Friday, September 19, 2008

Shopping for faith and marketing "plug and play" religion

You may know someone (or be someone) who has trouble picking from an abundance of choices for spiritual practices in a multicultural society. Believe me I can sympathize. Part of the problem is the apparent cost of investment. Hence in a marketplace of ideas, simply telling people that you have the only valid path isn't going work. People want to see evidence - they want some kind of results. The more adept advocates of various schools and denominations realize this and frame their argument in terms of what someone can do without making a large investment up front. To use a contemporary analogy, it is a plug and play appeal. It just fits and works with your life's current configuration with minimal disruption.

But is that really a fair way to represent or "market" such traditions to seekers? Is there any reason to give such options a chance?

If the practice in question is supposed to provide fairly immediate consolations or else some kind of recognizable benefit, then it can seem as simple as "the proof is in the pudding". The more evangelical sects and denominations are the ones who seem to go for this approach - if you say a particular set of prayers for many days (such as certain novenas found in Catholicism) or if you faithfully and regularly recite a mantra or dharini (such as the title of the Lotus Sutra which is revered in Nichiren Buddhism), you are supposed to see real results*. Once this happens, one can then get additional "plug-ins", some necessary for further development in that religion, others optional, as explicitly discussed in this article. You make these larger investments after you have already found a reason to think that what you are buying into is valid.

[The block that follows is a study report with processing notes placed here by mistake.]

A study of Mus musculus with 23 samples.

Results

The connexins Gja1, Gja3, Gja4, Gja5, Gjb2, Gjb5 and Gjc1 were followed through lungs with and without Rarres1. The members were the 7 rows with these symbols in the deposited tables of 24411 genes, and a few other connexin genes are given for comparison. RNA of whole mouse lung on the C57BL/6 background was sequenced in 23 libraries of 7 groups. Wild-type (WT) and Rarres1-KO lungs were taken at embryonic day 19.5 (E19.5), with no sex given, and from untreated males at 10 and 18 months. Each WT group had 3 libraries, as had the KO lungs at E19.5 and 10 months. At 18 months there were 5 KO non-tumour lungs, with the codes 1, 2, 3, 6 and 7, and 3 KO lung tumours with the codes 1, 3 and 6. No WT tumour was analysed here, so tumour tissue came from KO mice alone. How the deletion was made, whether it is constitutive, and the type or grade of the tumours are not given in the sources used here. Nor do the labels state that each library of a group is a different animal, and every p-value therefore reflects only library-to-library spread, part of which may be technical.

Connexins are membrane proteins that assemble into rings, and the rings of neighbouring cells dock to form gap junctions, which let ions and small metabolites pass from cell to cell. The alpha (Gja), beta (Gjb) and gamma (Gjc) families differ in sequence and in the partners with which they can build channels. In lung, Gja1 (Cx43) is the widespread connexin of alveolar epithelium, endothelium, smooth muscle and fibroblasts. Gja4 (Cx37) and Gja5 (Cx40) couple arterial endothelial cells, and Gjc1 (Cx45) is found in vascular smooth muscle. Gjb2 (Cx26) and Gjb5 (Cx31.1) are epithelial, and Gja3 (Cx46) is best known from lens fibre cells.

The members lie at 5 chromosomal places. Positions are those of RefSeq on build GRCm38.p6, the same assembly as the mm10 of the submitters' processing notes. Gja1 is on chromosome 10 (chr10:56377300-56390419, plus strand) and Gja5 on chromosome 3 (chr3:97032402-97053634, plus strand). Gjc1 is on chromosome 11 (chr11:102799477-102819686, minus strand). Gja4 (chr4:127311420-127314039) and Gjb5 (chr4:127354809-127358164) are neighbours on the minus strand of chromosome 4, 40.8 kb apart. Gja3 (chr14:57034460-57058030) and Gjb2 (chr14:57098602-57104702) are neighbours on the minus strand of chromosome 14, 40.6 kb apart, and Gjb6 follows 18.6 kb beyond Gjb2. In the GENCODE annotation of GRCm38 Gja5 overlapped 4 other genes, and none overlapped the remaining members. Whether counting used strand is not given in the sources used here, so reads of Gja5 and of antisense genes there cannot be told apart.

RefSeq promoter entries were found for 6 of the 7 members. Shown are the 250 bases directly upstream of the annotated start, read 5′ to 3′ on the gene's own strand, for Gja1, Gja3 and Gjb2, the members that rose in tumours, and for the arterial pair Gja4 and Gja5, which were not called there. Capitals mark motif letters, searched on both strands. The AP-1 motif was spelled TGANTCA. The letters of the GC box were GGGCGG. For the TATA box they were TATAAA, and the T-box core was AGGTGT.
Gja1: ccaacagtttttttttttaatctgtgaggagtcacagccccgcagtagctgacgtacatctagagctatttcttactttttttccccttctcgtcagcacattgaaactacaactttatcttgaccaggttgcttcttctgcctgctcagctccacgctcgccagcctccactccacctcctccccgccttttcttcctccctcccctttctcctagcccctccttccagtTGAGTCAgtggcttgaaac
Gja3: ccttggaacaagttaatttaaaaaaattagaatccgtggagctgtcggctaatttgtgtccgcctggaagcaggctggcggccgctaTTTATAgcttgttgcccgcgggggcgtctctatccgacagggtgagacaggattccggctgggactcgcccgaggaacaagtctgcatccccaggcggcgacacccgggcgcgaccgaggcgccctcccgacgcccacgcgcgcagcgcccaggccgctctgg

A danger is that without a grounding in the insight behind these practices, and the framework in which they are presumed to operate, the presentation of such practices with assured outcomes is reduced to a superstition (an incomplete or misguided attribution of causality) or a form of magic (a ritualistic behavior rooted in superstition). Some will be turned off by this kind of thing right away, and others will be disappointed if and when they do not receive the results they were expecting. This doesn't in an of itself mean that the tradition is invalid or that the practice has no merit, but after all, the "test trial" was presented either overtly or implicitly as proof of worth.

The more sensible approach when finding such a practice and rather than being looking for the presence of roses or the acquisition of a new job as the barometer of validity, see how your life has or hasn't changed. How do you see the world and relate to it? How do others relate to you? Do you have a better attitude? Are you better able to discern and appreciate what is important in your life? These and similar questions are a far more reliable benchmark of whether a particular tradition or practice is "right for you", and often the key here is seriousness of intent and a related commitment for significant portion of time. If you think everything in your life should become easier and safer because of your practice, or if you ultimately believe that your practice (and its constellation effects) lies outside of the details of your daily life, odds are that you are going to go away disappointed no matter what. Focus, resolve, and persevere!